Was reading something this morning about the Murray Gell-Mann Amnesia effect.
Michael Crichton wrote about it in 2002 in an essay titled: “Why Speculate?”
And I quote:
Media carries with it a credibility that is totally undeserved. You have all experienced this, in what I call the Murray Gell-Mann Amnesia effect. (I call it by this name because I once discussed it with Murray Gell-Mann, and by dropping a famous name I imply greater importance to myself, and to the effect, than it would otherwise have.)
Briefly stated, the Gell-Mann Amnesia effect works as follows. You open the newspaper to an article on some subject you know well. In Murray’s case, physics. In mine, show business. You read the article and see the journalist has absolutely no understanding of either the facts or the issues. Often, the article is so wrong it actually presents the story backward-reversing cause and effect. I call these the “wet streets cause rain” stories. Paper’s full of them.
In any case, you read with exasperation or amusement the multiple errors in a story-and then turn the page to national or international affairs, and read with renewed interest as if the rest of the newspaper was somehow more accurate about far-off Palestine than it was about the story you just read. You turn the page, and forget what you know.
That is the Gell-Mann Amnesia effect. I’d point out it does not operate in other arenas of life. In ordinary life, if somebody consistently exaggerates or lies to you, you soon discount everything they say. In court, there is the legal doctrine of falsus in uno, falsus in omnibus, which means untruthful in one part, untruthful in all.
But when it comes to the media, we believe against evidence that it is probably worth our time to read other parts of the paper. When, in fact, it almost certainly isn’t. The only possible explanation for our behavior is amnesia.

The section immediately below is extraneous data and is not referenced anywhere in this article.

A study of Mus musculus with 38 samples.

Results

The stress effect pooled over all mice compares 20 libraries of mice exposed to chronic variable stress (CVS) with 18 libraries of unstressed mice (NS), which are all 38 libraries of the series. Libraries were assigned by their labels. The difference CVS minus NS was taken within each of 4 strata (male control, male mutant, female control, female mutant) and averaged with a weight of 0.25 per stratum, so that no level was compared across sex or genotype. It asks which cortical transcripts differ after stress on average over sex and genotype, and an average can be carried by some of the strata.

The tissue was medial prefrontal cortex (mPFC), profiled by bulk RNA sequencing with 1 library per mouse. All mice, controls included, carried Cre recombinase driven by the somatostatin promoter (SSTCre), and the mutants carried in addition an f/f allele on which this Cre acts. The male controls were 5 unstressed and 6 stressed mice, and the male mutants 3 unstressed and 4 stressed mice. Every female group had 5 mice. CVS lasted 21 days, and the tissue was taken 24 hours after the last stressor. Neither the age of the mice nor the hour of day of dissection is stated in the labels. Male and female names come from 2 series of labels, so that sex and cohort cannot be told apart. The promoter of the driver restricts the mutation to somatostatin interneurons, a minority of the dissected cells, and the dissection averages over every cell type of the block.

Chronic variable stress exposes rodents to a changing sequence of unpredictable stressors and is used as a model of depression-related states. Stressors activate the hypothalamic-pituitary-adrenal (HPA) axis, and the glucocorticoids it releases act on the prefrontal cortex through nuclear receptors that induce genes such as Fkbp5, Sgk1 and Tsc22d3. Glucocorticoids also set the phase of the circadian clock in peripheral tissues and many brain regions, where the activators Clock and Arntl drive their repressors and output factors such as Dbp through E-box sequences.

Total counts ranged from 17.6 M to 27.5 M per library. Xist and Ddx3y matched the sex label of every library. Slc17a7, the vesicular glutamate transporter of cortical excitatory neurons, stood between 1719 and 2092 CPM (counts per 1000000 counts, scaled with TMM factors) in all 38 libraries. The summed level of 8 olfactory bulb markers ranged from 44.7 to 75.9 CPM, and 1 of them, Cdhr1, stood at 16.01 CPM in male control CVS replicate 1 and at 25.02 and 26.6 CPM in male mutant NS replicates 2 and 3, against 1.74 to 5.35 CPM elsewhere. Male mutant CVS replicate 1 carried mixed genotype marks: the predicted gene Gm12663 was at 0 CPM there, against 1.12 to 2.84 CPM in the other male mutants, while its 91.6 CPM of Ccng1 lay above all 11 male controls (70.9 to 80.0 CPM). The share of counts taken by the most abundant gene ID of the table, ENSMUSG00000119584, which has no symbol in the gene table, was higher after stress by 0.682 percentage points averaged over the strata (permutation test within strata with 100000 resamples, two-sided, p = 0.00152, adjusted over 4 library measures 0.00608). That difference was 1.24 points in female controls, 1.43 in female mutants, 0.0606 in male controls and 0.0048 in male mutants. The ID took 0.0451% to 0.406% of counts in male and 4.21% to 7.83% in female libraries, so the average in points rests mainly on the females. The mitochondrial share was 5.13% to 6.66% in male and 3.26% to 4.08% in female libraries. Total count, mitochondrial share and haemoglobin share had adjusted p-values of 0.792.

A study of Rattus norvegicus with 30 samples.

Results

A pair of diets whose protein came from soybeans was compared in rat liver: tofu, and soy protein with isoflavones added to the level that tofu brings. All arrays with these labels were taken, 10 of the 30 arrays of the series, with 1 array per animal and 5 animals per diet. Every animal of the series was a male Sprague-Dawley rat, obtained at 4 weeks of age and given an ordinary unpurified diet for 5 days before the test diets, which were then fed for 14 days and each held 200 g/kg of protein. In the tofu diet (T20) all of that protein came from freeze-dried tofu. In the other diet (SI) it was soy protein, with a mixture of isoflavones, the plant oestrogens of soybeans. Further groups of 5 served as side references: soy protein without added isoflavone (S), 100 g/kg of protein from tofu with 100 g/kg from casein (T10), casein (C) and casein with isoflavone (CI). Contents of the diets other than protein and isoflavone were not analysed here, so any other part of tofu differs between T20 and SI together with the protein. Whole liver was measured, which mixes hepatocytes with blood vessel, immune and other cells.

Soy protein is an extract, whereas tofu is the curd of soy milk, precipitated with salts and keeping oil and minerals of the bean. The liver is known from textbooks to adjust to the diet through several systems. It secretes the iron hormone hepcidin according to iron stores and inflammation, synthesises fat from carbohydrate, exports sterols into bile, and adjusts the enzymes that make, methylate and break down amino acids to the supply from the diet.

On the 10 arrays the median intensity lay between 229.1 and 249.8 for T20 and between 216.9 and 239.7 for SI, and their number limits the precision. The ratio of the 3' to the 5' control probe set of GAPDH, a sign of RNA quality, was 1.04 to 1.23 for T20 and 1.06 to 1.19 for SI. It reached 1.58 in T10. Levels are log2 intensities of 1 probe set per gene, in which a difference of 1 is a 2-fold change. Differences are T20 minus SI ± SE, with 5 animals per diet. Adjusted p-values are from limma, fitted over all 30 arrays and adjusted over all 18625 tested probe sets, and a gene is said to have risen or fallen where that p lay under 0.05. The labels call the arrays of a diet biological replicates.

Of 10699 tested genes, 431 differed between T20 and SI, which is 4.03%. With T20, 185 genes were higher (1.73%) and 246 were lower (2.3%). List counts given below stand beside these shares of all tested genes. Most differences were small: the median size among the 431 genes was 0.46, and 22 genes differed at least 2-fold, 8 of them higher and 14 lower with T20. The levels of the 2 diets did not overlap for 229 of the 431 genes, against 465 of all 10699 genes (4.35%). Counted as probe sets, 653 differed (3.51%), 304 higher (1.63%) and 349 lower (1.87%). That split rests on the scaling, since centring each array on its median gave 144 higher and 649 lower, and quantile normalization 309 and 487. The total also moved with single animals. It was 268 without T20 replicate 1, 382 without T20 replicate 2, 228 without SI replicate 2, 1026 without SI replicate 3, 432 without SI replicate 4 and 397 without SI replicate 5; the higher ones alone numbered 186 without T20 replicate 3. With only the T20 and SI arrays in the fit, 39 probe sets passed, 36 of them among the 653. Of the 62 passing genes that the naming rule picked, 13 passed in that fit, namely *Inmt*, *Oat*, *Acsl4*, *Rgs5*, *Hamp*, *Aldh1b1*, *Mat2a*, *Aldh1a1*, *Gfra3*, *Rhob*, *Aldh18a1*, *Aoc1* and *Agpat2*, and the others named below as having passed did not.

I really dig the transparency there (and mostly agree with his conclusion).
I also see this playing out in the financial shnewz all the time.
… and on personal finance blogs.
‘Tis why I have hardly any good book or website recommendations for people.
Instead, I usually recommend folks learn personal finance by demonstration and experimentation (which is what my financial courses will focus on).
It’s a much harder road to walk but also a more successful one when you nail it.
Here’s what I mean:
I read a long time ago that something like 40% of financial planners don’t have a financial plan themselves.
20% or 30% do have a plan but don’t buy most or any of the products they sell to their clients.
I checked those stats again recently and they haven’t changed much.
Are they true?
Maybe but maybe they’re being misreported too (I can’t see a motive for doing so though since they’re published in financial trade journals and not for the general public or as a sales tool).
My personal experience is a lot of planners don’t have their own financial house in order.
And yet people take advice from them.
Even the government does this… runs a deficit and huge debt and yet tells people how they should be saving money through 401(k) plans and sets market rules for doling out investment advice.
It don’t make no sense.
And in case you’re sitting there wondering… yes, I use the same cash flow management system I describe in my Cash Flow Kickstart eBook (albeit a more advanced version).
I also own the same type of life insurance I recommend to my clients. So does my wife… and my family.
We’re all in the same boat together.
And if I’m wrong… this captain is going down with his ship.
If that scares you, it’s OK. But… I recommend you stay on the shore.
OTOH, if you want to sail with me and the rest of my clients, hop on the email list (first) and get acquainted with how we do things downtown.